Cats & Allergies: 3 Tips to Help You Cope

Cats & Allergies: 3 Tips to Help You Cope


3 Tips to Help You Cope

If you have an allergy to cats problems but still insist on having a cat, or multiple cats for that matter, then below are a few tips to help you manage:

1. Reduce or limit your exposure to other allergens. Your best bet is to avoid outside substances that may cause an allergic reaction in addition to how your cats make you feel. For example, you will want to avoid aerosol products, cigarettes, perfumes, and cleaning solutions.

Also, if you are doing yard work then be sure to wear a breathing mask. It is very common for an allergic reaction to break out while mowing the yard or trimming your plants. It is bad enough that your cats may be causing your reactions to start with, so please avoid, or at least control, the elements just mentioned. As far as your yard work is concerned, it is best to have someone else take care of the job.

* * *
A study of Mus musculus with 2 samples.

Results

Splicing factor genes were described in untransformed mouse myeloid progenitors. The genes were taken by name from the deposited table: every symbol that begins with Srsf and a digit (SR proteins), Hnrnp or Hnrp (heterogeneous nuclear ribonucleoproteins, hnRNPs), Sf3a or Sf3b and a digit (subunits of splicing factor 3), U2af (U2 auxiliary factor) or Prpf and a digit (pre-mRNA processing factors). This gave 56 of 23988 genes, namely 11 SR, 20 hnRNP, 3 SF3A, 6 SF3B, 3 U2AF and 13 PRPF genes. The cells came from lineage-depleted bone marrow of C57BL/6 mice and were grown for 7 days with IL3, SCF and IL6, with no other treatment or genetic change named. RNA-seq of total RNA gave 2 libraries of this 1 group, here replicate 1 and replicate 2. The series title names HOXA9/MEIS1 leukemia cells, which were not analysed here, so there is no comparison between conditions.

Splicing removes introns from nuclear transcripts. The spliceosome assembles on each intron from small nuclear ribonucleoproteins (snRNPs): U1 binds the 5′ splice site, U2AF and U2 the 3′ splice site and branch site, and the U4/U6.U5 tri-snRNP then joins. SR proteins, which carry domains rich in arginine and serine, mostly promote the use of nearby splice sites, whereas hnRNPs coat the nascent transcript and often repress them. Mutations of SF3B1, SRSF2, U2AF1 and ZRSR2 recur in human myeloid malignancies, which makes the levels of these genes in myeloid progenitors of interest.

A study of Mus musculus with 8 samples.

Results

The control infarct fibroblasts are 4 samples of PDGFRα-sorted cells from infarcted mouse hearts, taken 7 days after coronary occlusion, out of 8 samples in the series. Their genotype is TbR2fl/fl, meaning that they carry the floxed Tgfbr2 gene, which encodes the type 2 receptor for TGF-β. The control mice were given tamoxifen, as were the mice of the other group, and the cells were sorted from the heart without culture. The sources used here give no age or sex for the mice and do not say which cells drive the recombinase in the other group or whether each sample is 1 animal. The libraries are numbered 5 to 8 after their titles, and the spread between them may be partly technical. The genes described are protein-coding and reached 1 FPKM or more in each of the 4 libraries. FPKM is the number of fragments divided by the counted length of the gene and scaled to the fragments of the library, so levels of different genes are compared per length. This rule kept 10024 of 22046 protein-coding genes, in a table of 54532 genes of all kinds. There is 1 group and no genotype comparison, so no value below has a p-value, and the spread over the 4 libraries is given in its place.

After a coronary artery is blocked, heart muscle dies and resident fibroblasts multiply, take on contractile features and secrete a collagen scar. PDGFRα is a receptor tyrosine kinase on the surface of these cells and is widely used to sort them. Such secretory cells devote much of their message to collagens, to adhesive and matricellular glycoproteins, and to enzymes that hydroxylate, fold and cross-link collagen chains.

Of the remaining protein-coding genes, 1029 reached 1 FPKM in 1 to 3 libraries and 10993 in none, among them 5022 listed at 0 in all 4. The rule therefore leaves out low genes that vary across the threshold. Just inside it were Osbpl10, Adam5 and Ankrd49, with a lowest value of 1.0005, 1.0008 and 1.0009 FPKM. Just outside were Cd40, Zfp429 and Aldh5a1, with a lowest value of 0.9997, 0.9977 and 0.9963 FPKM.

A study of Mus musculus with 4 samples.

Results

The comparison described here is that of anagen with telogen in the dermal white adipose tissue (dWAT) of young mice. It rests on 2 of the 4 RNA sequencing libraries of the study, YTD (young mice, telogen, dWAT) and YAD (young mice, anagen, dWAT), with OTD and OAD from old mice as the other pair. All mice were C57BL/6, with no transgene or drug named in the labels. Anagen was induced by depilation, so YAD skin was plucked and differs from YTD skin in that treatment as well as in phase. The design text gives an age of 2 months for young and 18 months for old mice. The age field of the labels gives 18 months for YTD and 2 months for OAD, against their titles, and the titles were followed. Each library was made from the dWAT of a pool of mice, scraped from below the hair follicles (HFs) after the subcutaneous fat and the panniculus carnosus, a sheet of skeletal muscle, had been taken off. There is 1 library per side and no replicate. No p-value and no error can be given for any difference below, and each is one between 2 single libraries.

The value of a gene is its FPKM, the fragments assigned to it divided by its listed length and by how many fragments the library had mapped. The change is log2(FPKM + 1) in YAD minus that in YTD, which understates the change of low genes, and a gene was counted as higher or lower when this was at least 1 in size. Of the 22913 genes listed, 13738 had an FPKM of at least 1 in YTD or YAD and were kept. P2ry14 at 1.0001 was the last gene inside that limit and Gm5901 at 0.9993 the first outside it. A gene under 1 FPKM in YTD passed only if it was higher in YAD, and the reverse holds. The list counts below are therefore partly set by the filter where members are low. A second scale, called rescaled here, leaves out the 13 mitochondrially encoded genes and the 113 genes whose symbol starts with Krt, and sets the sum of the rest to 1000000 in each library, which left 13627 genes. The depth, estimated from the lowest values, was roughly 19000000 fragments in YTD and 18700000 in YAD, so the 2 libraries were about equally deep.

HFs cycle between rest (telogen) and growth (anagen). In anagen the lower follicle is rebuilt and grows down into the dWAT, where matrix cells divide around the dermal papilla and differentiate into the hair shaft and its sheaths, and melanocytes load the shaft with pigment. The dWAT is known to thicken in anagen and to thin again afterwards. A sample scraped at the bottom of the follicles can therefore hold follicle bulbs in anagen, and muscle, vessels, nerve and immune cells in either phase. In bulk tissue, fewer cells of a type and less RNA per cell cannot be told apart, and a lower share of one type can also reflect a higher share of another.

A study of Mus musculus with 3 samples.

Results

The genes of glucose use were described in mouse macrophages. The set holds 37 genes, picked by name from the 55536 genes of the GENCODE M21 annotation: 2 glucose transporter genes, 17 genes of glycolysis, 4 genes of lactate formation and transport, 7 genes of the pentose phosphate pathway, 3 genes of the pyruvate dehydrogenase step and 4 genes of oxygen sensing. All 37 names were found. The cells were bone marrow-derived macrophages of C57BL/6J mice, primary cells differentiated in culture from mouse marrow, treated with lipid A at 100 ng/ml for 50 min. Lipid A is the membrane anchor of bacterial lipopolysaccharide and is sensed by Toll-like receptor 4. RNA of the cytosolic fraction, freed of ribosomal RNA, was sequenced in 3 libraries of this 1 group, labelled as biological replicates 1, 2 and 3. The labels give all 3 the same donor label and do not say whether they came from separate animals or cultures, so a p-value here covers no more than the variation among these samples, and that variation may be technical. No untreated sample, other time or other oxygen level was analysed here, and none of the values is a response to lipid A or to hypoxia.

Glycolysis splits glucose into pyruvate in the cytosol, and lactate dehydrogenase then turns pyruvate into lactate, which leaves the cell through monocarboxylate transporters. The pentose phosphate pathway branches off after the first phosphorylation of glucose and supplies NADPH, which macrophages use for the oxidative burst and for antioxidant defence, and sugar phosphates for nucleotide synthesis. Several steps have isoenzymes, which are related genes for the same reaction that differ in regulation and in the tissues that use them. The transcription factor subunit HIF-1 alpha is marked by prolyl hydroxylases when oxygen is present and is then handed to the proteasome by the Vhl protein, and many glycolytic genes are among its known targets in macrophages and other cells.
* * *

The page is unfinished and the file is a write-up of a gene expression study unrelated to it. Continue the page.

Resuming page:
2. Create one room in your house that is devoted to being allergy-free. Doing this will give you an area of escape from any type of allergic-causing substances. You will have a place to go to where you can breathe freely and that is absent of cats, excessive dust, or anything else that may cause your allergies to kick in. The best place for this is your bedroom. This means that your beloved pets cannot enter.

You may also want to remove any material that naturally attracts dust. Carpets, rugs, stuffed animals, etc. are all items that will attract dust and cat hair, which in turn may cause an allergic reaction. Remove feather pillows and large down comforters as well. By keeping these materials out, as well as your cats, you will have created your private sanctuary where breathing problems are minimized.

3. Last but not least, do your best to keep your cats and any other pets that you may have very clean and well-groomed at all times. This is just common sense, but many people who have allergies forget that the cleanliness of their animals can greatly reduce the negative affects that they have on their breathing. These people also do not like to get so close to all of the hair that can fall off of a cat when bathing them, so the best possible scenario is to have a friend or family member who does not have allergies bathe your cats for you.

Your cat should be bathed weekly in clear water. This will keep the dander levels down. Soap is not necessary, unless your cat is really dirty, and may also contribute to allergies. Clear running water is all you need to remove unwanted loose fur which will keep your allergic reactions minimal.